Volume 2015 (2015), Article ID 671839, 9 pages
Research Article

hCLOCK Causes Rho-Kinase-Mediated Endothelial Dysfunction and NF-κB-Mediated Inflammatory Responses

1Institute of Vascular Surgery, Department of Vascular Surgery, Zhongshan Hospital, Fudan University, Shanghai 200032, China
2Department of Physiology and Pathophysiology, Fudan University Shanghai Medical College, Shanghai 200032, China
3Department of Vascular Surgery, Qingpu Branch of Zhongshan Hospital, Fudan University, Shanghai 200032, China

Received 16 March 2015; Accepted 21 May 2015

Academic Editor: Manuela Malatesta

Copyright © 2015 Xiao Tang et al. This is an open access article distributed under the Creative Commons Attribution License, which permits unrestricted use, distribution, and reproduction in any medium, provided the original work is properly cited.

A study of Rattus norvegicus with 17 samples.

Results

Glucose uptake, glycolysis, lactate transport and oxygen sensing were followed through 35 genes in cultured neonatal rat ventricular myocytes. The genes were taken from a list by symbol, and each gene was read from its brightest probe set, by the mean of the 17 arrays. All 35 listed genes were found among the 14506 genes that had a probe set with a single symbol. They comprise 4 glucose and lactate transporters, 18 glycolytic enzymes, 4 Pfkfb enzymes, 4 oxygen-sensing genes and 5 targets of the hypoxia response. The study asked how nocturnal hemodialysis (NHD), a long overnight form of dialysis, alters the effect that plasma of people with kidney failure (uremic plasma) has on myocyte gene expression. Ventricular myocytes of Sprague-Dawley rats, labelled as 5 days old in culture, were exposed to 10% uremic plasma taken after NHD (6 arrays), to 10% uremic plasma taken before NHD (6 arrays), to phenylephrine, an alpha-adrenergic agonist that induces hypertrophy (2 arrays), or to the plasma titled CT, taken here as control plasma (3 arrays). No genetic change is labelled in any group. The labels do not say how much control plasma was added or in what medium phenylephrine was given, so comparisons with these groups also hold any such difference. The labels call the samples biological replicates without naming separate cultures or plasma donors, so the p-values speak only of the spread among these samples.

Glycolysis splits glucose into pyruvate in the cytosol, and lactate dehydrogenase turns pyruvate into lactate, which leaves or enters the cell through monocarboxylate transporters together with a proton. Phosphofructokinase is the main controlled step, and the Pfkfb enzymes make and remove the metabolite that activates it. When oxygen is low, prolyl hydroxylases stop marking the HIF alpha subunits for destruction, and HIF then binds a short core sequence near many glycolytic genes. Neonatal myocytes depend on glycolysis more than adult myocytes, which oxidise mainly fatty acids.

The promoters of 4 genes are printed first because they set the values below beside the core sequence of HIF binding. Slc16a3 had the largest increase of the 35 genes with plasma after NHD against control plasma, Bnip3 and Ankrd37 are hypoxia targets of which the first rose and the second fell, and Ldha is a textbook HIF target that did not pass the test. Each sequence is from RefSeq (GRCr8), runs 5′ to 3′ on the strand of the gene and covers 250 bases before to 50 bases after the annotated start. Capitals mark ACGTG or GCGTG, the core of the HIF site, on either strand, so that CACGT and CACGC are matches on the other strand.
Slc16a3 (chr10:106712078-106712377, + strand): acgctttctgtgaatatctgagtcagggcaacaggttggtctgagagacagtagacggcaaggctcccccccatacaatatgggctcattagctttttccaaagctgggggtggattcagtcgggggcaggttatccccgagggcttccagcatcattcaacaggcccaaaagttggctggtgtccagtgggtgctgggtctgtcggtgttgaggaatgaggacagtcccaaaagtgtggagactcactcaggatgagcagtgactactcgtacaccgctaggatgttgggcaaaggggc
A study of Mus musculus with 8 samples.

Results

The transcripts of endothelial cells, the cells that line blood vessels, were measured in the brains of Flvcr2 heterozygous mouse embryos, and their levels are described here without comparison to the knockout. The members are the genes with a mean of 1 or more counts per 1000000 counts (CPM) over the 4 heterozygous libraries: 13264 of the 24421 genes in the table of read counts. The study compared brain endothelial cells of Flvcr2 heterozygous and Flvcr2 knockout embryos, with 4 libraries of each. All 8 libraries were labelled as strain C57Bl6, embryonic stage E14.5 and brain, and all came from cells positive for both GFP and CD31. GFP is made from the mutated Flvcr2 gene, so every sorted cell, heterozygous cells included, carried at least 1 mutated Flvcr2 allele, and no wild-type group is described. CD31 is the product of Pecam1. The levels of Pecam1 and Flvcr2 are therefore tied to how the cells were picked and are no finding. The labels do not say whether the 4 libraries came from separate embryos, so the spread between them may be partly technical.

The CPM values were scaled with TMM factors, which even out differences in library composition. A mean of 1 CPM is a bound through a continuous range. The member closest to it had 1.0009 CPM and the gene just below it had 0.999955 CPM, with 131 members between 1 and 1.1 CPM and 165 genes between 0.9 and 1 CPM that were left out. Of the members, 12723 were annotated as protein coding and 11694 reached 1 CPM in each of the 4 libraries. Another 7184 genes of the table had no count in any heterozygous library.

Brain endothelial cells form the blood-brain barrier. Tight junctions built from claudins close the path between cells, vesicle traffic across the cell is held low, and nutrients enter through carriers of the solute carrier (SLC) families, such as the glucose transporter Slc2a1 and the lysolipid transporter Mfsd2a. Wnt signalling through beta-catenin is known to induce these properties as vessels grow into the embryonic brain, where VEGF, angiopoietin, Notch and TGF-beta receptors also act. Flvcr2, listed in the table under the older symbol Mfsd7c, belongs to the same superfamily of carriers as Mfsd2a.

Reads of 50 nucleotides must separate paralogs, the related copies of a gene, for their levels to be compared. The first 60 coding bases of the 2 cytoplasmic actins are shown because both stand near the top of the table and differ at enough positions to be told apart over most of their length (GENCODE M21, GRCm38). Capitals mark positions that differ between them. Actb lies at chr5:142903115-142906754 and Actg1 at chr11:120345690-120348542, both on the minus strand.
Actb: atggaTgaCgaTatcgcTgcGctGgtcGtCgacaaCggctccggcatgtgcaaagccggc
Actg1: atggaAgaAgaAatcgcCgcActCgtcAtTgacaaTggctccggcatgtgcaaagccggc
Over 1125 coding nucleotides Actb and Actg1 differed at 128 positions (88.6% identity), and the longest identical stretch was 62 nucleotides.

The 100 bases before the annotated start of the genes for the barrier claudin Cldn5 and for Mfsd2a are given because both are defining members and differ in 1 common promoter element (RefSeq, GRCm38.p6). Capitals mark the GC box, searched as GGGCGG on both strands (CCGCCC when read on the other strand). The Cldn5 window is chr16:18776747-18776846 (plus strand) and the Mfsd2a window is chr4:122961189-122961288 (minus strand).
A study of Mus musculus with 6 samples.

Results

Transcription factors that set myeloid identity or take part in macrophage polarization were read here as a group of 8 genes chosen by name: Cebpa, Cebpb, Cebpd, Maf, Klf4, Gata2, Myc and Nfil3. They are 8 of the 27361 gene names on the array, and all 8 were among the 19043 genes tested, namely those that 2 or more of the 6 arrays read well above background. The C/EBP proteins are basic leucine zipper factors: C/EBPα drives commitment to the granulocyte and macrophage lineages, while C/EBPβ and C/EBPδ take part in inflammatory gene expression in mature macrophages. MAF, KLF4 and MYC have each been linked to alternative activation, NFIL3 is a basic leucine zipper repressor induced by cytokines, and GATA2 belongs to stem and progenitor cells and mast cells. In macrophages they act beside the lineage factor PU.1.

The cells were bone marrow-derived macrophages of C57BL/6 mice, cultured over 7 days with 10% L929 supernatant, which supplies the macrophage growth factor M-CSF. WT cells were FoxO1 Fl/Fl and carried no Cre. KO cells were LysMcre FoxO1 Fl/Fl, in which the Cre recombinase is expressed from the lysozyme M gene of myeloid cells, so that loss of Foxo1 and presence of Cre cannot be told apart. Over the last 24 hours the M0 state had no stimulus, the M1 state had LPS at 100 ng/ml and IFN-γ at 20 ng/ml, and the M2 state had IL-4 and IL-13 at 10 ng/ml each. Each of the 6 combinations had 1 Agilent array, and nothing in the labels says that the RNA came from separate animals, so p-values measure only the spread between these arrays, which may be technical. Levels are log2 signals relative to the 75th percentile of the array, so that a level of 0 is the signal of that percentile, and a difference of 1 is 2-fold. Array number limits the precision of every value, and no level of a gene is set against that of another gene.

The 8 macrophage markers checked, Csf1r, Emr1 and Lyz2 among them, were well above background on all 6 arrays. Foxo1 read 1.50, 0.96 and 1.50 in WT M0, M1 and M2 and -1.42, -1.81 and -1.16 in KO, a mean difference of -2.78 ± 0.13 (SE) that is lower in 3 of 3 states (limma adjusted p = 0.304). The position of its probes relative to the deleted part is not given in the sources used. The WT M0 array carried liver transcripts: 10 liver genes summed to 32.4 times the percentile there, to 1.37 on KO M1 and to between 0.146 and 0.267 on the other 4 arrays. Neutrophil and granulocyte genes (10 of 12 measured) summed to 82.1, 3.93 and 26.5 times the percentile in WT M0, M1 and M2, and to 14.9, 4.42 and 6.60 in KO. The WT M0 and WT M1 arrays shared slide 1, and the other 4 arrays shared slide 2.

Background. The human Circadian Locomotor Output Cycle protein Kaput (CLOCK) gene was originally discovered as a regulator of essential human daily rhythms. This seemingly innocuous gene was then found to be associated with a multitude of human malignancies, via several biochemical pathways. We aimed to further investigate the role of hCLOCK in the hypoxia-oxidative stress response system at the biochemical level. Methods. Expression levels of Rho GTPases were measured in normoxic and hypoxic states. The effect of hCLOCK on the hypoxic response was evaluated with the use of a retroviral shRNA vector system, a Rho inhibitor, and a ROS scavenger by analyzing expression levels of hCLOCK, Rho GTPases, and NF-κB pathway effectors. Finally, in vitro ROS production and tube formation in HUVECs were assessed. Results. Hypoxia induces ROS production via hCLOCK. hCLOCK activates the RhoA and NF-κB signaling pathways. Conversely, inhibition of hCLOCK deactivates these pathways. Furthermore, inhibition of RhoA or decreased levels of ROS attenuate these pathways, but inhibition of RhoA does not lead to decreased levels of ROS. Overall findings show that hypoxia increases the expression of hCLOCK, which leads to ROS production, which then activates the RhoA and NF-κB pathways. Conclusion. Our findings suggest that hypoxic states induce vascular oxidative damage and inflammation via hCLOCK-mediated production of ROS, with subsequent activation of the RhoA and NF-κB pathways.